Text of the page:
Faculty and staff criticize salaries, say staffing is often inadequate

The results of a comprehensive survey of Emerson’s faculty and staff showcased their opinions on themes throughout the college, including notable dissatisfaction on questions about fair pay and adequate personnel. 

The survey found that librarians, counselors, and coordinators in particular believe they deserve higher pay: No librarians or counselors, and only 15 percent of coordinators, reported they were satisfied with their salaries.

Overall, 52 percent of the 721 faculty and staff members surveyed felt they were paid fairly for their work.

Karla Fribley, coordinator of instruction and a reference librarian, said that with Emerson being a relatively small institution, the college is unable to compete with salaries offered at larger schools.

“I definitely feel like part of what keeps me at Emerson is that I love what I do and I love the people I work with,” Fribley said. “Knowing that I could probably be getting paid more for doing the same work elsewhere is definitely a challenge.” 

David Kociemba, the president of the union for adjunct professors at Emerson, said that the recent nationwide rallies demanding a $15 minimum wage shows how similar the battle is for workers in different areas. 

“The Fight for $15 rally is an excellent example of how there’s very little difference in how the system works for people who are struggling to get by, whether it be with college loans and a lot of cultural prestige or Securitas,” Kociemba said.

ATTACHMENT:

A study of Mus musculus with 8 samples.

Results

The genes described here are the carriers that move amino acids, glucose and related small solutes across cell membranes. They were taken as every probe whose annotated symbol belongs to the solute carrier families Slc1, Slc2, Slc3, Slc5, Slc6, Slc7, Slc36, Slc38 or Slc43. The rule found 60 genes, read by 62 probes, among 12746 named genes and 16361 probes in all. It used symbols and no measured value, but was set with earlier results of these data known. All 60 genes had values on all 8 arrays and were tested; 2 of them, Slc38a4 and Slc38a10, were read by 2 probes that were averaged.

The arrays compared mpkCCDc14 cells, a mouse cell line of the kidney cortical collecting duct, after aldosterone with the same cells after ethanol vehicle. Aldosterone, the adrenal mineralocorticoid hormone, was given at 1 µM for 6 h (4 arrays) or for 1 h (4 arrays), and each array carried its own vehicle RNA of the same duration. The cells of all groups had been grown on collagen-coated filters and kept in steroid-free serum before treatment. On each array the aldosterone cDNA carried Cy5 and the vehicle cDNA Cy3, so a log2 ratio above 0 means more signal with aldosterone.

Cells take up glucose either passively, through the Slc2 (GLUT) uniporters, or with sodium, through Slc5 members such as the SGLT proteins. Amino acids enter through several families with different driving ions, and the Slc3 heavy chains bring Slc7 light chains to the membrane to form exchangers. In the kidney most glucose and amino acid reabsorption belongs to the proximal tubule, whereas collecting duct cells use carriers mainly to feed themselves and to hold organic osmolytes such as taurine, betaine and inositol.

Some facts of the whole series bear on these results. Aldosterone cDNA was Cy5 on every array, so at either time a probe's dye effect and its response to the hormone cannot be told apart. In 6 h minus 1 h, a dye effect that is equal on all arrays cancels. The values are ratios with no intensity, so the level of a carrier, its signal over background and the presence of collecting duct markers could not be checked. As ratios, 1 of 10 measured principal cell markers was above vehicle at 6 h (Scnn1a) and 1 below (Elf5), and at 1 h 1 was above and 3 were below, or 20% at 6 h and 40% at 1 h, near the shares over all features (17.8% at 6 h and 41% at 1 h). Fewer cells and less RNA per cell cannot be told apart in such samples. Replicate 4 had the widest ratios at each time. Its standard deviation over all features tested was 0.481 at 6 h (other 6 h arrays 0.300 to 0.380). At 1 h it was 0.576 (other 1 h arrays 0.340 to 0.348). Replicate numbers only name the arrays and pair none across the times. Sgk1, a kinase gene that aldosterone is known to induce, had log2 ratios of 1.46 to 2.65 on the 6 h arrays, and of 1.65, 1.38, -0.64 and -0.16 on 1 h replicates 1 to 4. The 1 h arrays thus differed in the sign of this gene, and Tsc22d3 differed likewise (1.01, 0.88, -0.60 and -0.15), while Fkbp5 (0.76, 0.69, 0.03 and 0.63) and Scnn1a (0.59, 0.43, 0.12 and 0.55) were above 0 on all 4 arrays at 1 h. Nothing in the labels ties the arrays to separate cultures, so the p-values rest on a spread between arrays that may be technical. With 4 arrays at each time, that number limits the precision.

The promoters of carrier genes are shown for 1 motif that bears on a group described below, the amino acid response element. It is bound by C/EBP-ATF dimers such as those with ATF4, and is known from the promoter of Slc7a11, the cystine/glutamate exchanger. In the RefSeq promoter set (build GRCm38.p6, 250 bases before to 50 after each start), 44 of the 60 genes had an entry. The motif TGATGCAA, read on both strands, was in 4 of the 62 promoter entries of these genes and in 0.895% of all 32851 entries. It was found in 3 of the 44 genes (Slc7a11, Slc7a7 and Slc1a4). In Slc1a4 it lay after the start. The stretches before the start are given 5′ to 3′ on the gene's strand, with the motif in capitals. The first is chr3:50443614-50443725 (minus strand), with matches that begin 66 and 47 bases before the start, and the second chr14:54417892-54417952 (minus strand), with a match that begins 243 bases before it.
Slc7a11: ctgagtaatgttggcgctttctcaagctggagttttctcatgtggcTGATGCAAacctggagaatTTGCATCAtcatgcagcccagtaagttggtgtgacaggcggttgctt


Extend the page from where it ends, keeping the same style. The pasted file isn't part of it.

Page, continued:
Sylvia Spears, vice president for diversity and inclusion, said that the college is making an effort to help their faculty become financially stable, despite the employees’ opportunities to make more money at other schools.

“Boston is an expensive place to be, so we want to ensure that we can recruit and retain really talented faculty,” Spears said. “We don’t want to lose faculty to another institution because we can’t demonstrate in compensation what they want.”

Spears said that Emerson employees find rewards in ways beyond their salaries. 

“So many faculty, both full- and part-time who have been here for decades and are totally committed to the institution, suggested that there are other things they value that are keeping them here,” Spears said.

Fribley offered suggestions as to what could be done to improve the experience for librarians at the college, including providing more chances for learning outside of their regular paid work.

“They can start being really strong advocates for people’s professional development, or attending conferences, or providing opportunities for more training or advancement and learning,” Fribley said. “I feel like to some degree that does happen at Emerson, but it could always be improved.”

The survey also found that only 20 percent of adjunct faculty feel Emerson’s benefits meet their needs, whereas 63 percent of full-time professors felt their needs were satisfied. 

Forty-eight percent of adjunct faculty believed that their department has adequate staffing to reach their goals. Among full-time professors, just 30 percent responded positively to the same question.

Kociemba said that he hopes the survey results in a better learning environment for professors and students.

“I hope that [President M.] Lee Pelton and [Vice President for Academic Affairs] Michaele Whalen look at this crisis as an opportunity to do more than have a dialogue of dramatic action—to change how students look at Emerson, how faculty look at Emerson, and staff look at Emerson,” Kociemba said.